China has expressed interest in importing citrus from Zimbabwe, and a quarantine delegation is in the country to inspect citrus farms to see if they meet the phytosanitary requirements. Phytosanitary relates to the health of plants, especially with respect to the requirements of international trade. During a meeting with the Minister of Agriculture, Mechanisation and Irrigation Development, Dr Joseph Made (pictured left), at his Ngungunyana offices in Harare last Friday, head of the Chinese entomology delegation and Guangdong Inspection Quarantine Technology Centre entomologist Dr Wu Jiajiao said the team had visited many citrus farms across the country and were impressed by the quality of the fruits.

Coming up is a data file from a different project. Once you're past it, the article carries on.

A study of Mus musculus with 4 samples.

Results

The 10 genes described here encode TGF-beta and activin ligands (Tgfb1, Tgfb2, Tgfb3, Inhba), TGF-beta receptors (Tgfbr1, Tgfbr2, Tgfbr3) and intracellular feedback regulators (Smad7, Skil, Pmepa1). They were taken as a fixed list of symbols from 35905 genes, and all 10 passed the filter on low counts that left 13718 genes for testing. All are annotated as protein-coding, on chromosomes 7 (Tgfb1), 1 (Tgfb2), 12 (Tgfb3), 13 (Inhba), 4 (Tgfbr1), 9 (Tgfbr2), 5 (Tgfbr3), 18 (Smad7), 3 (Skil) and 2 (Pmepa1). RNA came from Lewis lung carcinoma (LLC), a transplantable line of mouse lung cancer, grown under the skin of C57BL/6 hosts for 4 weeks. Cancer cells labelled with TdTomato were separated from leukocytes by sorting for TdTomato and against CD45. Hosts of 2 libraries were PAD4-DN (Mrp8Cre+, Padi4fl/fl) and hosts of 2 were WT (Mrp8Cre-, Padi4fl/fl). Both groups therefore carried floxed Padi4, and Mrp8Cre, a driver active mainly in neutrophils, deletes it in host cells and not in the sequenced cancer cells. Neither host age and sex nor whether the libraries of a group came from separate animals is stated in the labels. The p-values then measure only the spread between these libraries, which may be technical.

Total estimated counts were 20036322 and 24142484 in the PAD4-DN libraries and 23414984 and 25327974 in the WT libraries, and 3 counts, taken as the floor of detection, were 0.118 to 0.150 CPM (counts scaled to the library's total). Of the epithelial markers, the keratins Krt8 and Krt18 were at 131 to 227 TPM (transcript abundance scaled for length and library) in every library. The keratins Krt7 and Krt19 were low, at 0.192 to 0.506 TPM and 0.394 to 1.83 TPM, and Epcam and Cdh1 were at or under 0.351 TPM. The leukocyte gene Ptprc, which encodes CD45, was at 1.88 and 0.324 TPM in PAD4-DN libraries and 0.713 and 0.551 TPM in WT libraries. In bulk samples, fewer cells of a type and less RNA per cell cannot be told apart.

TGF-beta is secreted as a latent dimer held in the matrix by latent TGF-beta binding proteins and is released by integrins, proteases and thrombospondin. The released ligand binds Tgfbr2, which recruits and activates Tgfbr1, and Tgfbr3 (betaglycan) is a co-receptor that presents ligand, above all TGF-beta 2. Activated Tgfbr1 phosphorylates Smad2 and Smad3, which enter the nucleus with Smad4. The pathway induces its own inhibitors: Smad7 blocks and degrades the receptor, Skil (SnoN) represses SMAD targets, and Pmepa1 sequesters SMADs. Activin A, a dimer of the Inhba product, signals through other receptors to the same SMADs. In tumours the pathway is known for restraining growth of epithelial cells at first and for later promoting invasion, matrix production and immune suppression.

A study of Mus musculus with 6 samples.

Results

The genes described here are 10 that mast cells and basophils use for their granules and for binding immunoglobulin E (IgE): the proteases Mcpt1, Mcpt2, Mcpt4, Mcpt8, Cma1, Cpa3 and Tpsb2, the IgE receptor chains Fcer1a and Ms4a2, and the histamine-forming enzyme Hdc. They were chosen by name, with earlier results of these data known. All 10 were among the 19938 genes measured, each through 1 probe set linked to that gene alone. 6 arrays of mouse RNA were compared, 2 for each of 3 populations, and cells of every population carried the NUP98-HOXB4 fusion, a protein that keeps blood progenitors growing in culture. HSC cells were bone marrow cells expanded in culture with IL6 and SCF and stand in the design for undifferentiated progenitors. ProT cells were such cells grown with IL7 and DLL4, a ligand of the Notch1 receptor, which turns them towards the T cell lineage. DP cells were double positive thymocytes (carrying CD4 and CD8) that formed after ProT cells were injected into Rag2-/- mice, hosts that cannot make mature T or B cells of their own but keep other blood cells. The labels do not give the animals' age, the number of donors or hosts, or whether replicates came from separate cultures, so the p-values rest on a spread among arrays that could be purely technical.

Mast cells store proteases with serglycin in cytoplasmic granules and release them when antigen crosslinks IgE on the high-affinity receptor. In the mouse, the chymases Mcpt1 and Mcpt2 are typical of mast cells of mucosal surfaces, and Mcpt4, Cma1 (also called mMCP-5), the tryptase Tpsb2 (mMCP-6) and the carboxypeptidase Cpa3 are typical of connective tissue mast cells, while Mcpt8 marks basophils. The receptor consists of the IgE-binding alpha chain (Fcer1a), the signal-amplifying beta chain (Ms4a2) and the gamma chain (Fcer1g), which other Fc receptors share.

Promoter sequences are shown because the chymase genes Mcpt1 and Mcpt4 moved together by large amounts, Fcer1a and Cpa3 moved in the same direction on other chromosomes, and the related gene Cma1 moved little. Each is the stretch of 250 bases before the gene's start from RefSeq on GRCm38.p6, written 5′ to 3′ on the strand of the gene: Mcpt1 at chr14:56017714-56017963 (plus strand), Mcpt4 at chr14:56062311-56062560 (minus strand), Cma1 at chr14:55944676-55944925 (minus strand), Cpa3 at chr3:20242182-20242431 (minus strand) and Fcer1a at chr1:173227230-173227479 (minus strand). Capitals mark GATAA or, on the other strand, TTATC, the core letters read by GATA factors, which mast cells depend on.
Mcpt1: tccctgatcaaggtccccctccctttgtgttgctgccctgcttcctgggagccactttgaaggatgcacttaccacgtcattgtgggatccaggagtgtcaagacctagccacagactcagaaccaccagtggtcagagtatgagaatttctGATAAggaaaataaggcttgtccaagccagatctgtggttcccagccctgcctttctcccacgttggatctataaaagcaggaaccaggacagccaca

"This is part of the bio-security measures that are followed whenever we want to import crops or animals from another country," Dr Wu said. "We are concerned with pests and diseases that are not (found) in China.
"We are also interested in investigating the branding and packaging of the citrus fruits. China has a big market for citrus fruits. We are currently importing from foreign countries and Zimbabwe can also export to us if it meets our requirements."
Dr Wu said China had different seasons from Zimbabwe and the latter could take advantage of that and supply the citrus fruits when they were in demand in China.
He said China was a big country and required lots of fruit.
"We are concerned with some notifiable pests, especially the False Codling Moth (FCM)," he said.
Another Chinese delegation is expected soon to check on phytosanitary measures concerning animals.
The increasing interest being shown by Chinese provinces and cities to invest in Zimbabwe is a welcome development towards the much-needed economic turnaround.